Developing resilient local economies: Good practice among local enterprise partnerships

This report examines case studies of good practice among local enterprise partnerships (LEPs) in relation to our 'LEP resilience framework', which assesses key areas of policy that promote economic resilience within local areas, and makes recommendations for reform.

LEPs were established to drive the government's growth agenda at the local level, but they have the freedom and opportunity to play a greater role by developing growth plans that address both narrow concepts of productivity growth and wider issues of local economic resilience – that is, making sure that their areas' economies are strong enough to withstand both local and global economic shocks in future. However, only a handful of LEPs have taken advantage of this freedom by adopting more innovative and forward-thinking approaches.

For this report we identified and researched five case studies of good practice in which LEPs are taking forward different aspects of economic resilience within each theme of the LEP resilience framework set out in the first report of this research project: responsible business, investment and local resource flows, integration and a responsive public sector, engagement and accountability, and environmental sustainability. Each chapter makes the case for each theme of our framework, explores how the LEP's work is benefitting their local areas, and makes recommendations for how both LEPs and other authorities can learn from these examples.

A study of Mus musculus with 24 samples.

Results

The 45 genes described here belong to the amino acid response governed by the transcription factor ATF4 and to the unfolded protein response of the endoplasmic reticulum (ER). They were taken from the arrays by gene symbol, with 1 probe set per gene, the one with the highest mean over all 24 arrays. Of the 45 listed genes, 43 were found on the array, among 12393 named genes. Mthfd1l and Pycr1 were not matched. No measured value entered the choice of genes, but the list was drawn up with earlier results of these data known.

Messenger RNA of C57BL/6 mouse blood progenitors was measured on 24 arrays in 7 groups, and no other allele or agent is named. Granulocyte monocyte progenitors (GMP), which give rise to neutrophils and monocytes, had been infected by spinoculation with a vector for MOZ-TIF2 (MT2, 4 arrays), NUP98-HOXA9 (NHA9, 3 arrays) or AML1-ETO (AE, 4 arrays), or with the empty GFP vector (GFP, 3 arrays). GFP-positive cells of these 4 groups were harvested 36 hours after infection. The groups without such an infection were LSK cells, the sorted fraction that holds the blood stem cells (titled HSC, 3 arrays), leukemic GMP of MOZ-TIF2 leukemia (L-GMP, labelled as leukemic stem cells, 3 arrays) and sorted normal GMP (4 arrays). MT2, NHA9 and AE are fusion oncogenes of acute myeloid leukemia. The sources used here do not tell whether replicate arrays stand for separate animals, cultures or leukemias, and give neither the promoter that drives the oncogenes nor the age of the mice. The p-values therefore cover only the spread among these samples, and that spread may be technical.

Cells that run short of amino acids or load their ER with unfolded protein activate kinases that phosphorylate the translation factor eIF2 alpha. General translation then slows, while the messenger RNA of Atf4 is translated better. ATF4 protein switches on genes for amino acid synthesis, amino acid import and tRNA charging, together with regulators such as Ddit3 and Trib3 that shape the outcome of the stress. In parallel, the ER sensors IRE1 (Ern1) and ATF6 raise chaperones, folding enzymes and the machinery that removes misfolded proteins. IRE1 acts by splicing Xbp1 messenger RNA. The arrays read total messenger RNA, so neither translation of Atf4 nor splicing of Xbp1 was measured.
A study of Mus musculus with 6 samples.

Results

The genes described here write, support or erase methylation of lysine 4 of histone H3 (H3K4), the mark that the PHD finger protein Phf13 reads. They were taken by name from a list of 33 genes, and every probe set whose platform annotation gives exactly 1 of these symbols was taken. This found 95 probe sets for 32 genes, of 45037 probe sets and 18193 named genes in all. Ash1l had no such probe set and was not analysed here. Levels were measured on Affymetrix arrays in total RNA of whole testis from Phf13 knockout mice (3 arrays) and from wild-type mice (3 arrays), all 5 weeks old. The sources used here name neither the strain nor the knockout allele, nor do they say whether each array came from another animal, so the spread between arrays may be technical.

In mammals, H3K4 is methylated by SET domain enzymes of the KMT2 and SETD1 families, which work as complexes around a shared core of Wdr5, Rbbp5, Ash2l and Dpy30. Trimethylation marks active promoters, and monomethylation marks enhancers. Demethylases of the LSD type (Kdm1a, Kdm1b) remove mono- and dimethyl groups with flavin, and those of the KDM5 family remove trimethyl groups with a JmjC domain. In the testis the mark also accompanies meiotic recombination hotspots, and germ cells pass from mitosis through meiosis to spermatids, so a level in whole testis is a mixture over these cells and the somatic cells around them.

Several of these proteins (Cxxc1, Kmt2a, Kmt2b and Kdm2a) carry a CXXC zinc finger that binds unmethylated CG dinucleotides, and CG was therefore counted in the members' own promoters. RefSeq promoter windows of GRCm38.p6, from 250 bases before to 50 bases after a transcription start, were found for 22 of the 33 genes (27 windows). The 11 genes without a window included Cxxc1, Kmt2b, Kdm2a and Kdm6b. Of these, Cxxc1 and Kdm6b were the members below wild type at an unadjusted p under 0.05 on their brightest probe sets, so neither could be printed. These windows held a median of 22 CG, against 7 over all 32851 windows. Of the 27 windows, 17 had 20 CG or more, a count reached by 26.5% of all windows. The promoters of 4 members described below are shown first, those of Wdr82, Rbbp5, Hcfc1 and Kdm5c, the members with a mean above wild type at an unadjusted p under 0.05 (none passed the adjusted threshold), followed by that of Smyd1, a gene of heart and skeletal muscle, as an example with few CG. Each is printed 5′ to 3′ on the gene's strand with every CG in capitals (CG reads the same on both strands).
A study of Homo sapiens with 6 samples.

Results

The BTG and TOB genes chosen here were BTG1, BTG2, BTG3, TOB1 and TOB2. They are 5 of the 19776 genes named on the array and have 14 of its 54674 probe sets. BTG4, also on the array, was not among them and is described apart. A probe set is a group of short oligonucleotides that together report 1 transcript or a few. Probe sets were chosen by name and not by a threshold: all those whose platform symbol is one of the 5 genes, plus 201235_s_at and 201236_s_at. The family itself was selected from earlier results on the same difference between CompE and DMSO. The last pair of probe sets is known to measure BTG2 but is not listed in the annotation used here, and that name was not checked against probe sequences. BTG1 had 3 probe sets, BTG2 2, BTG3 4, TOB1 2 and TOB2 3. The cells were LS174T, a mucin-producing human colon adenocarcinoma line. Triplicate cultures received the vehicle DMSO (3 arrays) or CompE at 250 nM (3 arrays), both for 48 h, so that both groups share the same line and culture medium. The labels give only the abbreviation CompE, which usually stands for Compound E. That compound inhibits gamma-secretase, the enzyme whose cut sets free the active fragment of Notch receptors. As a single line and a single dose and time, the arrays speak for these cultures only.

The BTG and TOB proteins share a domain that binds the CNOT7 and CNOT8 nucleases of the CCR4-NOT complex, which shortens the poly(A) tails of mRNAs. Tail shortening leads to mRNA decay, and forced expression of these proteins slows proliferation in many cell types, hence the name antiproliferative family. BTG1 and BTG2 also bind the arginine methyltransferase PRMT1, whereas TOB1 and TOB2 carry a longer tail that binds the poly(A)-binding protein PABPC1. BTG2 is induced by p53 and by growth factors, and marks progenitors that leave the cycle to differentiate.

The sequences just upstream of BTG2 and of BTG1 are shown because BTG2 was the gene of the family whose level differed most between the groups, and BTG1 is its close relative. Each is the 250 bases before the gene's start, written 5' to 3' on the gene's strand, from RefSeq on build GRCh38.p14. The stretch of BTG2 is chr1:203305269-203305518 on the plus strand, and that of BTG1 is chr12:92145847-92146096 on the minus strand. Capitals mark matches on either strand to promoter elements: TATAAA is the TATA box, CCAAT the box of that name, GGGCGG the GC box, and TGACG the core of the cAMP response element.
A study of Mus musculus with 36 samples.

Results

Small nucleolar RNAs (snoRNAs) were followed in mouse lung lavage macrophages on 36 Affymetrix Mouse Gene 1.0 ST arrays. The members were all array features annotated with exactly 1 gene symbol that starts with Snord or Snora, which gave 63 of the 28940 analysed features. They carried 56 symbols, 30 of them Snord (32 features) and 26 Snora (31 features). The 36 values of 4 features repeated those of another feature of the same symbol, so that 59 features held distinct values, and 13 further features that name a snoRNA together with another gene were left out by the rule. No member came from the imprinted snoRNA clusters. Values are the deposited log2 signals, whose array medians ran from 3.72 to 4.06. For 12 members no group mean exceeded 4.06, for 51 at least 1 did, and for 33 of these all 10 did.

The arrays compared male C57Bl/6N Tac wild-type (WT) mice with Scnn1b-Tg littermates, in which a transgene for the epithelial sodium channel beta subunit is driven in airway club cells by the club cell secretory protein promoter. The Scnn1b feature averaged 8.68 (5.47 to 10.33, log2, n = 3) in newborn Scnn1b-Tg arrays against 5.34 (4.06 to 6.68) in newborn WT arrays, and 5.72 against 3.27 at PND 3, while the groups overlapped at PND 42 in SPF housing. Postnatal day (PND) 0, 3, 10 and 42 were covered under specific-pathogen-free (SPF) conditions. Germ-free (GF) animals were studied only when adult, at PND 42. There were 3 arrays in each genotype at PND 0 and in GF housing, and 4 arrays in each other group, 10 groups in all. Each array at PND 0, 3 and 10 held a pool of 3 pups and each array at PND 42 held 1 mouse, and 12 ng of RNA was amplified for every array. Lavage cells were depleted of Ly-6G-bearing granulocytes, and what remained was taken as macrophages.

More broadly, we conclude that LEPs – and economic decision-making processes nationally – are not yet engaged in the kind of longer-term thinking that more resilient local economies depend upon; nor are they sufficiently accountable or transparent to enable this to happen. What is needed, therefore, is a mature debate about the limitations of the current set-up, and some incremental improvements to sub-national governance and partnership arrangements. To address these issues, we set out five broad recommendations.

  1. Central government should create a further window of opportunity for the formation of a new wave of combined authorities, based on clear functional economic geographies.
  2. Combined authorities, counties or other upper-tier authorities should publish sub-national partnership plans which clearly set out their partnership structures and dynamics at the sub-national level, and which include a clear role for LEPs.
  3. Government should clarify the purpose and functions of LEPs while allowing them the freedom to pursue their own arrangements and priorities.
  4. Local authorities within combined authority areas, should promote greater cooperation between officers from the chief executive down.
  5. LEPs and their wider partners should adopt a series of locally-determined economic resilience principles as part of their strategic planning processes.